So, it’s just about time to ckeck-in on the work that has been happening on the WordPress Multi-User front. First and foremost, Gardner Campbell is my Godhead. He is teaching two classes this Summer session and they are already abuzz with all sorts of amazing blog action. You can see his New Media Studies “blog portal” here and his Film Text and Culture “blog portal” here. I can’t begin to tell you how amazing Gardner’s vision for this space is, and I think a quick perusal of his student’s work will attest to this almost immediately. More than that, he is willingly doing this in the face of some technical hiccups -taking some lumps this Summer so that many folks can enjoy the same benefits for their classes. So, in short, thank you Gardner for all the amazing work you are doing.
Ok, here’s the tale of the tape thus far:
ELS Autoblogs: The first thing worth mentioning are the experiments with WP-Autoblog for WPMu (I talked about it briefly here). This plugin has really afforded some very interesting versatility for class blogs, in my opinion. WP-Autoblog is basically an aggregator plugin that pulls feeds from ATOM, RSS, & RSS2 into a blog post (which is very similar to WP-o-Matic -which does not work just yet with WPMu). What I like about this plugin is that anyone with a blog on ELS Blogs can enable and add feeds to it. It’s a cinch.
Now let’s think through the implications of this, a professor creates a class blog, enables WP-Autoblog, and then adds the students as administrators to this, and only this, blog. The students are then asked to login in and add their feed to the wp_Autoblog aggregator (which you can see below) and there it is. An aggregated class blog that constantly provides a trackback to the original posts. So you can republish the student’s work in this class blog, making sure that they know that they should create a separate category for this class so only the relevant posts will feed out, and wham -you have a quick and easy class blog that does not disrupt the flow of the student’s blog nor overburden a professor with a whole lot of hacking and devising to make these resources show up in one, centralized space for the duration of the class.
OK, now what about the student? Well, why couldn’t they use these “autoblogs” to feed out their own work to separate blog spaces that they control to highlight their best work or particular subjects, etc. -what we have here is an infinitely malleable eportfolio? Can you dig it? I knew that ya could.
So Wp-Autoblogs is a huge, simple, out-of-the-wpmu-box solution to aggregation, I really like this. Not to mention it gives a central feed for all the relevant posts for a single class. We have three autoblogs running currently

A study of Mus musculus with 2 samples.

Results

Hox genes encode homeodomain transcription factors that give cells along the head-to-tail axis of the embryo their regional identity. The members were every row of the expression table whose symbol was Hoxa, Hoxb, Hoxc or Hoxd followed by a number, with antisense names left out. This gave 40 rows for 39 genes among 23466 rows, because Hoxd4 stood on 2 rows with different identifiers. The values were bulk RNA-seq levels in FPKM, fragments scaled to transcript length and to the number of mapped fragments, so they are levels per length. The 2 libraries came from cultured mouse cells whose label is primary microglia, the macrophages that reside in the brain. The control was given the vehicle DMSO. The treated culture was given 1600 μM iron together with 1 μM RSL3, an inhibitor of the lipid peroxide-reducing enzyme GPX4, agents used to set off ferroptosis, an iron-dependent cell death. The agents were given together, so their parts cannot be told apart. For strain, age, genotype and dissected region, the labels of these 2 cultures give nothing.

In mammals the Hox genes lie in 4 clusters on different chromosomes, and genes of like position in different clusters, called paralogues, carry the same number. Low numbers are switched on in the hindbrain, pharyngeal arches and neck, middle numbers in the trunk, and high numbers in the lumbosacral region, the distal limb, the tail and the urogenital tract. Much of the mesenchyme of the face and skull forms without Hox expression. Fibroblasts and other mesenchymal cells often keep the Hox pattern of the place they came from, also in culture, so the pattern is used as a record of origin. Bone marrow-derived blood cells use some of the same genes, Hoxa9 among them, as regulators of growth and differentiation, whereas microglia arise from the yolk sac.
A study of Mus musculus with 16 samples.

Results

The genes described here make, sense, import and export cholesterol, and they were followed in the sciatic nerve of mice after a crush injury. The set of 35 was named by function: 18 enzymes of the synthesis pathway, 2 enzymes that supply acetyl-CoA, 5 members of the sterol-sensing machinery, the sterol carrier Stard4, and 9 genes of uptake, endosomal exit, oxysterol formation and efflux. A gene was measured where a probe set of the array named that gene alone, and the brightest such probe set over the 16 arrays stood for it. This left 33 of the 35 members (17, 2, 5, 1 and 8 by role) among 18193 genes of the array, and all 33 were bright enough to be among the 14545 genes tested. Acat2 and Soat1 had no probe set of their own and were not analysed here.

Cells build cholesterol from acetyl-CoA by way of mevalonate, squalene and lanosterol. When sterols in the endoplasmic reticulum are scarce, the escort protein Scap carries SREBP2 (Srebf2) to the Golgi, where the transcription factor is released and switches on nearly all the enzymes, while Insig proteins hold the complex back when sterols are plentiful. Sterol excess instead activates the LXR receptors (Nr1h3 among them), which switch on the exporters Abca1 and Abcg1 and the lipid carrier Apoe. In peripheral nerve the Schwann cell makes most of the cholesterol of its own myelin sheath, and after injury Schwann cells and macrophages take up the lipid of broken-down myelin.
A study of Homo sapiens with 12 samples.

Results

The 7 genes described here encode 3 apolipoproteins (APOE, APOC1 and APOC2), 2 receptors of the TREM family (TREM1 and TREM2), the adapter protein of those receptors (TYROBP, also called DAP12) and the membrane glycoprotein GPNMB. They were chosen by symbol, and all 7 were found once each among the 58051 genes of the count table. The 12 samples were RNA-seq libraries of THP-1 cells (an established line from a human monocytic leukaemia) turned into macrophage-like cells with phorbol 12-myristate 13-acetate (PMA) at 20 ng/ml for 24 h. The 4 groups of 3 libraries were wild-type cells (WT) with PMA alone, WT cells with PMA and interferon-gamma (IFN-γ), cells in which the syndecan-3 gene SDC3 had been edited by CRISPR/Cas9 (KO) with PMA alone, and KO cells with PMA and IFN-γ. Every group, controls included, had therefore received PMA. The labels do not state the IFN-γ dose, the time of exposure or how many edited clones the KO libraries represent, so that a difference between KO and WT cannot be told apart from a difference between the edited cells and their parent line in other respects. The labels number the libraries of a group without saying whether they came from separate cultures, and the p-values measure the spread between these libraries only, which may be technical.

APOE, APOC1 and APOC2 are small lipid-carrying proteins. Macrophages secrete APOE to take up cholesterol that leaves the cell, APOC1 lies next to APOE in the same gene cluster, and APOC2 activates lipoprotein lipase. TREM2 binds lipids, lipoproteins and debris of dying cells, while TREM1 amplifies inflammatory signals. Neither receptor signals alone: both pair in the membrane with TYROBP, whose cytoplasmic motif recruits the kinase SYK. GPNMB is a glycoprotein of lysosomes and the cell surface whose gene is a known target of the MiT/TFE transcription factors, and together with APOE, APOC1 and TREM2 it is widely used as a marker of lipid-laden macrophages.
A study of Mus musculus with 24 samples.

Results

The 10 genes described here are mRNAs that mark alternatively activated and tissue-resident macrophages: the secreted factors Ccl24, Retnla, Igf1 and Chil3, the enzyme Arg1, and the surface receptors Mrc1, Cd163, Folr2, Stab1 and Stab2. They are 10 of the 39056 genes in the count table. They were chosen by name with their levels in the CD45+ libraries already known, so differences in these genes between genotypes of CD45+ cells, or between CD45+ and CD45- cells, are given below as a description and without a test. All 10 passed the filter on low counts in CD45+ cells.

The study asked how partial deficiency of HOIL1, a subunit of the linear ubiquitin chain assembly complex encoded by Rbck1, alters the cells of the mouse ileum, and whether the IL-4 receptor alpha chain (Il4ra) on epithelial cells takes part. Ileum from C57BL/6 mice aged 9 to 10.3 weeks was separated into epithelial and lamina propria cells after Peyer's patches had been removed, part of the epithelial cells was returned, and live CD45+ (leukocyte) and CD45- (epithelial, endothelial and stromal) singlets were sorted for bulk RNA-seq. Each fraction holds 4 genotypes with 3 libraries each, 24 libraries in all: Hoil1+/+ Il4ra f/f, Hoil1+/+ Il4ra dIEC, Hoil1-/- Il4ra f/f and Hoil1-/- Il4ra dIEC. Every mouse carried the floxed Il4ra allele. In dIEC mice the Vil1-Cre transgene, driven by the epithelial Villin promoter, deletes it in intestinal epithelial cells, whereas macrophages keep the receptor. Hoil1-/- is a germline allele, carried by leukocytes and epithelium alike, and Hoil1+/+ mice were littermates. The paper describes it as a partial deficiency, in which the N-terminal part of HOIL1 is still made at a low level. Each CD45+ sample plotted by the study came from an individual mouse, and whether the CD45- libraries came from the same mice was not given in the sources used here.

on ELS Blogs: Film Text and Culture autoblog, New Media Studies autoblog, and All Els Blogs autoblog. Check them out.
BDP RSS 0.6.2: I have talked at length about this slick aggregator plugin for WordPress here. And I recently checked back at the OzPolitics blog to find out that Bryan has updated this brilliant WP plugin. And the upgrades are pretty major, namely he has updated his aggregator so that it is widget ready! How, pray tell? It took me a little bit to figure it out, but you can actually load feeds into the aggregator and configure it accordingly (the ability to configure BDP RSS is unparalleled as far as I can tell) to create a single feed for any combination of blogs you choose. For example, I installed the latest version of BDP RSS on this blog, and I am currently aggregating a unique combination of ELS Blogs and comments into the sidebar. This is now something that students and faculty have the ability to do with the activation of the plugin, and while it is not as dead simple as WP-Autoblog, it makes up for it with customizing option which would be welcome for more experienced users. The BDP RSS upgrade offers an impressive addition for allowing users to work through their own unique aggregation possibilities. I’m still a huge fan of this plugin. We are using BDP RSS to aggregate the all blog posts and comments into the Sitewide Content page here.
King RSS WordPress Widget: Now it gets interesting, the King RSS plugin (powered by SimplePie) allows you to get really specific with where and how you want to place your feeds. And once you get the collated feeds from BDP RSS, you can plug that feed url into King RSS and decide where you want particular aggregated elements to show up on your blog. That’s right, customize where the aggregation shows up in the sidebar from page to page -sick, right! This plugin will take a little bit of getting used to, for it is not totally user-friendly just yet, despite its being a widget.
These three plugins for WPMu in combination, or individually, begin to suggest some interesting ways to feed, aggregate, and re-combine posts to create a rich, connected, and constantly evolving connections with one simple WPMu install.
Upgrading to WPMu 1.2.3: The bestest thing about this whole post is that Gardner and I upgraded WPMu from version 1 to version 1.2.3 to see if it might fix some database bugs (the verdict is still out on that, fingers crossed), and it went as smooth as upgrading a single WP installation. Can you believe that? Almost 100 blogs, and not a hiccup with the upgrade, I know 100 blogs is nothing by WPMu standards, but try upgrading a 100 single installs manually -even if via Fantastico.
Ok, this post is almost over, and if you made it this far I commend you. Andy Rush had mentioned to me today that the ELS Blogs site seemed a bit cluttered (oh, how sharper than a serpent’s tooth is a colleague’s ingratitude!). Which in turn made me think about whether this site would prove completely undecipherable to the unacquainted user? Well, do me a favor and go to ELS blogs and take a look and let me know what you think. More than that, give me any recommendations you may have to make it more user-friendly.